Enlarging plans by percentage

Discussion in 'Boat Design' started by flipper 15, Jan 18, 2013.

  1. flipper 15
    Joined: Jan 2013

    I want to enlarge a boat by percentage. By what value does weight capacity increase? Let's say I want to double the weight capacity of a boat. By what percentage do I increase the boat size?
     
  2. TANSL
    Joined: Sep 2011

    It depends on many things, mainly what the dimension or dimensions that you can change. In general, the cheapest thing is to change the length, but you can not take as absolute truth. Of course one can not speak of a percentage of the size depending on the percentage you want to increase payload. Because I imagine that is what you want to increase the payload or, what is the weight you want to raise?. The first thing you have to do is express yourself properly to obtain valid responses.
     
  3. gonzo

    It doesn't scale directly. If you change more than 10% or so, the whole structure, stability, etc. needs to be recalculated.
     
  4. philSweet

    Welcome Flipper.

    There are a score of threads here on the subject. Hit the search button and do a google search for "scaling"
     
  5. PAR
    Joined: Nov 2003

    If you want to double the weight capacity of a boat, you need a new or different design, not a scaled version of what you have. Scaling is not proportional and can have a huge impact on the design, as hinted to by others. Maybe it would be simpler to tell us what you have and what you want.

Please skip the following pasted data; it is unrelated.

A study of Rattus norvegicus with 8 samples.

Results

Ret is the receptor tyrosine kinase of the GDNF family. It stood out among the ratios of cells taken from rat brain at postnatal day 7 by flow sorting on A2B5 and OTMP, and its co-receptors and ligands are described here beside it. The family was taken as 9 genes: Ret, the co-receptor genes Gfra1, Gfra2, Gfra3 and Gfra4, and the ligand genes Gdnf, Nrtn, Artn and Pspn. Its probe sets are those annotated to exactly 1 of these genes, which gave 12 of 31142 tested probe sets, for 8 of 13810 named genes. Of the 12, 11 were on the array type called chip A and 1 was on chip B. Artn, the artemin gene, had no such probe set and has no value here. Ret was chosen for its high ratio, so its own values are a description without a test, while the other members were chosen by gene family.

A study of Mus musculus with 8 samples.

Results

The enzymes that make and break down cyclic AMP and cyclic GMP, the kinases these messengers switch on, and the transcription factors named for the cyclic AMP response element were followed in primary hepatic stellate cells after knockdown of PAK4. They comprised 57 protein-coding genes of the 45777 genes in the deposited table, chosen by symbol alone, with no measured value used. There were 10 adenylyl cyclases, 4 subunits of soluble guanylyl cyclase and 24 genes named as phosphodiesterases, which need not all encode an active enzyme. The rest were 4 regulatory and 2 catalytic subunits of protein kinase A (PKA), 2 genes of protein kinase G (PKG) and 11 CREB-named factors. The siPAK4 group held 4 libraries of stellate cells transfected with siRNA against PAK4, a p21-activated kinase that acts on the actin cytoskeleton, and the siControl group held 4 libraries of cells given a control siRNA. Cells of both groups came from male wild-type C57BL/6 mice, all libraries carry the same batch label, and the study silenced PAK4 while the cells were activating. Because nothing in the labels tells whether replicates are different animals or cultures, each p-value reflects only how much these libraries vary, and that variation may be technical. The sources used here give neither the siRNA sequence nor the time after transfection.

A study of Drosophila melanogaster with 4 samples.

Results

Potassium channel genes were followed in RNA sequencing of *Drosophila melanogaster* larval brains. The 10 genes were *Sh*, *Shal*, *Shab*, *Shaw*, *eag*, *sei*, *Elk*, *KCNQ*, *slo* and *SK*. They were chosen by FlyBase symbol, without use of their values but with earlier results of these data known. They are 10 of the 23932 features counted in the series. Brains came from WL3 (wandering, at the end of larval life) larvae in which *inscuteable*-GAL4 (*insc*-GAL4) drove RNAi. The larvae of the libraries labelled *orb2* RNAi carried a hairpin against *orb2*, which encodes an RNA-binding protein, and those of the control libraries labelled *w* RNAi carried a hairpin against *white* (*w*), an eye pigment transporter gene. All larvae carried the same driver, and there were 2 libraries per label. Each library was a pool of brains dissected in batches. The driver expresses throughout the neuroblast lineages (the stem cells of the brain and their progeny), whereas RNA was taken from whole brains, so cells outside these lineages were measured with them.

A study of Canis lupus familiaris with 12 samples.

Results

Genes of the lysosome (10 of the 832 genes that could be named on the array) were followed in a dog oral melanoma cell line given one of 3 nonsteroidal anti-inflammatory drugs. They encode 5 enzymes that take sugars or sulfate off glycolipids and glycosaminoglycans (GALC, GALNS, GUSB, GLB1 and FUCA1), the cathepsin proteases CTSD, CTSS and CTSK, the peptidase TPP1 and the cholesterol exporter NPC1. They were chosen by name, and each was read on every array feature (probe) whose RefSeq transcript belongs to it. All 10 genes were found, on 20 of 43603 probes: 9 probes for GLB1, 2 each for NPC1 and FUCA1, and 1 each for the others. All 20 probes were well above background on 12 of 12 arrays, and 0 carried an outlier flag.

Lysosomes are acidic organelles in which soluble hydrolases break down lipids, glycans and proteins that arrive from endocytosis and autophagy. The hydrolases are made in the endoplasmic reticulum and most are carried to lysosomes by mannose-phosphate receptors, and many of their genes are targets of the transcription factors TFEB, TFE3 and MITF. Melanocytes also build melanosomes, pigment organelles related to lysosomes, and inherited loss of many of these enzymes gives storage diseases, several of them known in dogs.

6. CDK
    Joined: Aug 2007

    In theory you'd have to increase everything with approx. 26% to reach your goal. Then you must do strength calculations for all the load carrying parts because 126% of the original width/height of beams etc. may not be enough for a 200% load. Much depends on the design and hull material.
     
  7. flipper 15

    Thanks so much for the replies. CDK thank you, that was basically all I was looking for. It was more of a theoretical question, but I was looking at my 10' 6" single person cedar stripper the other day going, HMMM...
     
  8. TANSL
    Joined: Sep 2011

    Probably I have not understood the question but I do not agree that to increase weight twice, each dimension has to be multiplied by 1.26. (I know 1.26 cubed equals 2).
    For example, the weight of some structure may have nothing to do with the length of the boat. The thicknesses of the plates, the reinforcement modules, etc. are a function of the design loads, which may depend, or not, of the boat length.
    If we talk about the payload that can carry the boat, much more depends on the depth, that of the length.
    This is my opinion
     
  9. HJS
    Joined: Nov 2008

    Scaling

    Try this excel file

    good luck

    js
     

    Attached Files:


  10. PAR
    Joined: Nov 2003

    Again, small scaling attempts can work, though they have to be small. I've seen many different attempt to scale at larger amounts, but none work well, compared to a design specifically intended for the new size range.